A vintage tale: Don’t swat the bugs!

Although the question “Why are we here?” is much trumpeted as a human preoccupation,what most of us really want to know is “Why are they here?”

Written by New York Times | Published: August 12, 2012 2:37:23 am

What good are ____ ?

Fill in the blank with the objectionable life form of your choice—mosquitoes,black flies,slugs,parasitic worms,unnamed things that are too squishy for words.

Although the question “Why are we here?” is much trumpeted as a human preoccupation,what most of us really want to know is “Why are they here?” And if “they” are nonhuman,science is pretty good at coming up with answers.

All those bacteria that live in and on us,and outnumber our own cells? They help our digestion,and fight off bad bacteria. Bats? They eat insects. And in the latest news,researchers have found that European hornets and paper wasps,which pack a sting nasty enough to make anyone question their reason for being,provide a cozy winter home in their guts for one of humanity’s most important microbiological buddies: yeast.

The yeast in question is Saccharomyces cerevisiae,sometimes called baker’s yeast,but particularly important in the making of wine,as well as beer and bread. Humans have been benefiting from S. cerevisiae for at least 9,000 years,but we encounter it mainly in the warmer months—on grapes,or in bakeries.

A group of scientists in Italy and France decided to investigate one possibility,social wasps,including European hornets and paper wasps. These insects were known to feed on grapes and to harbour varieties of yeast in their guts. So the researchers,including Irene Stefanini,Leonardo Dapporto and Duccio Cavalieri,all of the University of Florence,conducted several tests on the insects.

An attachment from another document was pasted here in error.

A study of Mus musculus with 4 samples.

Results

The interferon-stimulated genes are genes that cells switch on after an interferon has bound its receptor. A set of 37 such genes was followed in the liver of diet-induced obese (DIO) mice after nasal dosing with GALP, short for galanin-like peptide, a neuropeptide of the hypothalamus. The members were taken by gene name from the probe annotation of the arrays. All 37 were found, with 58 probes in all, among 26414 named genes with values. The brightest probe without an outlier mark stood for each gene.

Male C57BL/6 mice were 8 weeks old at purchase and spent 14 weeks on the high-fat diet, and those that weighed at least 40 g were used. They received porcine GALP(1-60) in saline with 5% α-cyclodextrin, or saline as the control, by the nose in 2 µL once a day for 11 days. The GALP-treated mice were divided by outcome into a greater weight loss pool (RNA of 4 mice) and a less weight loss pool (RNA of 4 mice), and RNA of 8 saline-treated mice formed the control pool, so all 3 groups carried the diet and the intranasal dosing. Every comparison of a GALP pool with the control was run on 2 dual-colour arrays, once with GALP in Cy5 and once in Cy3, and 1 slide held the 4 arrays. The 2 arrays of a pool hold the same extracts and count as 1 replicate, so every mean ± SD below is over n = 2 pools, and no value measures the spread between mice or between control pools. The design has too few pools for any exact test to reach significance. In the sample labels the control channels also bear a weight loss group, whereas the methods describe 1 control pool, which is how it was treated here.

The wasps did have S. cerevisiae in their guts,and what’s more they had different strains connected to the areas where they lived—perhaps part of the reason wines from different places have different flavours. And yeast does survive over the winter in the guts of the queens who found new colonies in the spring,feeding regurgitated food to the young.

Thus the young wasps or hornets would acquire yeast from the colony founder and spread it to ripe grapes when feeding. When the harvest was over,the wasps would bring with them yeast that had been living in the vineyards. And if in the process of developing winemaking traditions we developed new strains of yeast,the hornets could keep them alive during the winter.

It’s a heartwarming ecological story,and the report on the wasps,in The Proceedings of the National Academy of Sciences,makes one wonder about what other silent partners are out there whose activities have yet to be uncovered.